With many schools bursting at the seams with students, there are a lot of families who would rather see their child in a school with smaller class sizes. But is choosing a small school really the best decision?
In this post we will outline the small school benefits, and why enrolling your child in a small school is a great choice. We even have the research-backed answer to the question on the optimal class size.
Small School Benefit #1: More individualized attention for each student.
- The students in a small private school are able to receive more attention from each teacher.
- The student-to-teacher ratios in small schools allow the teachers to spend time getting to know each individual student.
- In turn, teachers can provide both additional challenges or scaffolding support for their students as needed.
- In a small school, there is no "one size fits all" approach, but rather an assessment of each unique student, and a deep understanding of the best way for each student to learn, and to succeed.
Small School Benefit #2: Research-backed improved academic performance.
- In an analysis of a variety of research studies, Glass and Smith (1978) found that classes with fewer than 20 students were associated with improved academic performance, with the strongest gains in primary grades.
- In 2000, the U. S. Department of Education did a study of over 2,500 schools and discovered, after controlling for student economic status, the only factor positively correlated with higher student test scores was class size.
- In this study, student achievement was strongly linked to smaller classes in upper grades. Finn (2005) found that four years of experience in small classes in Kindergarten through third grade improved student outcomes. Dynarski (2013) found that attending a school with small classes significantly increased the probability of a student earning a degree in a STEM (science, technology, engineering, or mathematics).
- Research has demonstrated that small classes improve academic engagement, student effort, student initiative and time on task. Basica (2010) discovered significantly increased interaction between students and teachers in small classes.
- Dee and West (2011) found that small class sizes improved student interest and motivation and a greater sense of belonging. Students in small classes were more likely to look forward to class, to believe the subject was useful, and to ask more questions and offer more answers in class. Small classes also led to improved quality of essays and writing assignments.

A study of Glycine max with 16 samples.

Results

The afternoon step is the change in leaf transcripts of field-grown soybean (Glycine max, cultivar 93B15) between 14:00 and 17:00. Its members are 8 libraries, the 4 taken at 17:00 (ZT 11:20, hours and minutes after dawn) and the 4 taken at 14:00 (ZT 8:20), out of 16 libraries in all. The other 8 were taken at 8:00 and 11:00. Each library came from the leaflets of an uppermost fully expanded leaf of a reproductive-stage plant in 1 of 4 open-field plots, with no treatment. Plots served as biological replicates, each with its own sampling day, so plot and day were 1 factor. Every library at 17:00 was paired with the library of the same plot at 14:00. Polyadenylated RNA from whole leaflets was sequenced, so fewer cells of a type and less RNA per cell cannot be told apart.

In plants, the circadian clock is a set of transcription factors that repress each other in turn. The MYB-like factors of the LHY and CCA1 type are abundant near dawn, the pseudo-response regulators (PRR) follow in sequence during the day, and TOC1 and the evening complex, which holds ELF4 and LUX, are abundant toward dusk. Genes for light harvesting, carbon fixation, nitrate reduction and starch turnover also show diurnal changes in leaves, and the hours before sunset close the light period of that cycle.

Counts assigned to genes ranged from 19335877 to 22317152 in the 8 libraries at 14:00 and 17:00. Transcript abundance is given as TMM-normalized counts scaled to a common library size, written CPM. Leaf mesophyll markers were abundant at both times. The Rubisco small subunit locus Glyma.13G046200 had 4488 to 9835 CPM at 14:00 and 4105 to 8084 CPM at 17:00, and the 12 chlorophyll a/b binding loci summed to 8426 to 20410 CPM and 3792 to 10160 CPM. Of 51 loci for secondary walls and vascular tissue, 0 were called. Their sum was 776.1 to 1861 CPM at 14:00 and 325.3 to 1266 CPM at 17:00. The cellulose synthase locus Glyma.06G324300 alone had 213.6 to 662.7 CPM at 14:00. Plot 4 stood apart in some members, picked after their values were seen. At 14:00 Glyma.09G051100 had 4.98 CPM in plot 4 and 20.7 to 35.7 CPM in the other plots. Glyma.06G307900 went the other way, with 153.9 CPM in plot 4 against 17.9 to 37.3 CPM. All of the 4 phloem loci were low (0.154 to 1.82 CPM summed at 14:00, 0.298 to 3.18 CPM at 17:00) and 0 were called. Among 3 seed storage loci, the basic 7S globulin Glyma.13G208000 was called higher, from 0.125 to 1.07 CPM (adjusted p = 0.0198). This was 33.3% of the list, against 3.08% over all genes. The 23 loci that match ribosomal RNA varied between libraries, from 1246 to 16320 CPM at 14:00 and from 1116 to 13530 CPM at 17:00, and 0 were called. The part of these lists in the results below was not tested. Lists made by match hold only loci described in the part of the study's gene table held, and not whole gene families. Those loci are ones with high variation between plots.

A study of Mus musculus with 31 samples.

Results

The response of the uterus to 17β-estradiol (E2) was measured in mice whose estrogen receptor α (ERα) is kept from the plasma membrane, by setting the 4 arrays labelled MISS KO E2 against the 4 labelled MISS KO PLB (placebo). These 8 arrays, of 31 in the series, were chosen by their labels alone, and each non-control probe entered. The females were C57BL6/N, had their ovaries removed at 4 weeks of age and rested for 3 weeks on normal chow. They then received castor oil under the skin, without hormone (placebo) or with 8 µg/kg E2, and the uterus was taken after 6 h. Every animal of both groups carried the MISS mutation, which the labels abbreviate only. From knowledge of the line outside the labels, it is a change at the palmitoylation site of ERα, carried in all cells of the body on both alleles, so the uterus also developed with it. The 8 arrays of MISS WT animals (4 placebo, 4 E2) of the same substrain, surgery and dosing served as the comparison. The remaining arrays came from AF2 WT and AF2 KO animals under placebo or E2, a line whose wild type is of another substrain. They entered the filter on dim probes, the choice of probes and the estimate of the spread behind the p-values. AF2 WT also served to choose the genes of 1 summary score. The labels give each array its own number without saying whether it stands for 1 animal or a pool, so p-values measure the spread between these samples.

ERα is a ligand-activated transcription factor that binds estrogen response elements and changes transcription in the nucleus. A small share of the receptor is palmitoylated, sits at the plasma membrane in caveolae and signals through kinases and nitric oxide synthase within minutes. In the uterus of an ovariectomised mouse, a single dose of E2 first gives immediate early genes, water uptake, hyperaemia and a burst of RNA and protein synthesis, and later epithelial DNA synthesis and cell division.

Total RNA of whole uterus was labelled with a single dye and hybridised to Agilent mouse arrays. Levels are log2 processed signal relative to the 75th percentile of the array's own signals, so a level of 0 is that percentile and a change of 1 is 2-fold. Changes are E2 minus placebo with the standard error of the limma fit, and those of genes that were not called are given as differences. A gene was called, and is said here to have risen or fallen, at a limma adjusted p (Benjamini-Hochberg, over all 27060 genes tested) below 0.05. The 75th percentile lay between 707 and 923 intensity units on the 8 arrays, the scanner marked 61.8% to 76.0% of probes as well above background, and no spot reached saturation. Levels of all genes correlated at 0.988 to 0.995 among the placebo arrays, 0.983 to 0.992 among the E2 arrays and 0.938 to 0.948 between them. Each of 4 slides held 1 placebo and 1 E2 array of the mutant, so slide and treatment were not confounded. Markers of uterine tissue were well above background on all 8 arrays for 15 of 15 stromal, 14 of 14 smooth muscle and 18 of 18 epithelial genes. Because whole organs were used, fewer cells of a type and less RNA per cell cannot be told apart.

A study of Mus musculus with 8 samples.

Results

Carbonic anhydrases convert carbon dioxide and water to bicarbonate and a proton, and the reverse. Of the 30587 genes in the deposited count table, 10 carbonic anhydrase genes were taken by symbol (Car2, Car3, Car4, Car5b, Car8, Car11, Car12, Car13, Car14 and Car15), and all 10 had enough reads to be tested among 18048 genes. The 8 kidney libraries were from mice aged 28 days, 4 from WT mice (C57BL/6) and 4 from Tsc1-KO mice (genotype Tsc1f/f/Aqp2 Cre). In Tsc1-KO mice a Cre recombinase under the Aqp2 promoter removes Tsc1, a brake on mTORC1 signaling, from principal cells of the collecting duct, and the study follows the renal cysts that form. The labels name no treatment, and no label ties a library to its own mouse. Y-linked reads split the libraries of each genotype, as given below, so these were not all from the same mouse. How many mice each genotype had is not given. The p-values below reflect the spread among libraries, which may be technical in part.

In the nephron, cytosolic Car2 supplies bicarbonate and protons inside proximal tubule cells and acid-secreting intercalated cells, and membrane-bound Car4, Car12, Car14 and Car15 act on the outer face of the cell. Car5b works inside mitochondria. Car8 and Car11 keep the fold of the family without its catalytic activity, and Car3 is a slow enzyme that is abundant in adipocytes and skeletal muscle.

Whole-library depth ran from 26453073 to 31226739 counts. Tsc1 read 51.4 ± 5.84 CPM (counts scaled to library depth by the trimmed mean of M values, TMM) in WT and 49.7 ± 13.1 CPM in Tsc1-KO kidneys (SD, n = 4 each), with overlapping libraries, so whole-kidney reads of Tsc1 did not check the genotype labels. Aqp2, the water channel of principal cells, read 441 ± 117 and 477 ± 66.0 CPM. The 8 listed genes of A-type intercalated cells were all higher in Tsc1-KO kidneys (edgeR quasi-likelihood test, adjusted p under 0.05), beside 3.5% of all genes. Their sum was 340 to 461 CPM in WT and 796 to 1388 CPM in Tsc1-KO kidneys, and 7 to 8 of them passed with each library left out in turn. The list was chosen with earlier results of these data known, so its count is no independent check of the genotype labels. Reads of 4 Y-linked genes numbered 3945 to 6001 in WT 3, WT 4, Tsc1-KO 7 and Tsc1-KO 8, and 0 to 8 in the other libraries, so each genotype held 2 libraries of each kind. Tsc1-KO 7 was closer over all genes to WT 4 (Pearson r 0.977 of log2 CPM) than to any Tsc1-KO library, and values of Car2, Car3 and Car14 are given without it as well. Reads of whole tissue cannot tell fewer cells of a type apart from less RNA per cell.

Small School Benefit #3: Can cover more lessons at a faster pace.
- Think about this: If your child is in a classroom with 28 other students, and just one or two of those students doesn't understand a concept, what happens? More than likely, the teacher will need to slow down the lessons, and teach to the students who are having the most difficult time grasping the topic. In addition, with larger class sizes, the teacher will need to spend a great deal of time on simple classroom management. He or she will need to take time to get the class settled, to keep the students from chatting, or even just from jumping out of their seats. This eats up valuable classroom lesson time.
- Now, picture your child in a classroom with only 10 or 12 students. The quieter and more easily controlled environment lends itself to a more dynamic classroom experience. The students are focused and ready to learn. They can ask questions that can be quickly and easily answered, allowing the teacher to move the lessons forward at a faster pace.
Small School Benefit #4: Curriculum flexibility.
- Teachers in a small school, with small classes, are able to tune in to the teaching methods and topics that resonate with their students. This allows them to get creative with their lesson planning.
- Are the students showing a lot of interest when discussing a specific idea? At a small private school, that teacher can take that idea and apply it to many different subject areas. Perhaps he or she was only planning to discuss this idea for one day, but upon seeing how much interest and enthusiasm it generated in the small class, this idea can be extended and applied elsewhere.
Small School Benefit #5: Each student is known.Who remembers sitting in the back of the classroom, slouching down, and knowing that you were never going to be called on? Well, if you went to a school with a lot of students, it was easy to get away with that type of behavior.
- A great benefit of a small school is that there is nowhere to hide. No student will "fall through the cracks" at a small private school.
- What's even better, is that the students in a small school, with small class sizes, are taught in a way that is most meaningful to them as individuals.
Small School Benefit #6: Lifelong relationships are established.
- Ok, great. So, you understand the academic benefits of a small school. But what about socially? There are some wonderful social aspects of life in a small school.
- Most small private schools feel more like a "home away from home" for their students. This family-like atmosphere provides a warm and nurturing environment, as opposed to a sterile and industrial one.
- The families who select a small school are often like-minded in their priorities, which means that get-togethers and events (both in and out of school) will be inclusive. (Remember, there is no place to hide in a small private school!)
- Lastly, the bonds formed at small private schools last a lifetime. It is not uncommon for people to stay in touch with their friends from elementary school or middle school after they've spent these formative years together in a small, tight-knit, and inclusive community.
It is important to remember the impact that the size of the school, and of each individual class, can have on the academic, social, and emotional growth and success of your child.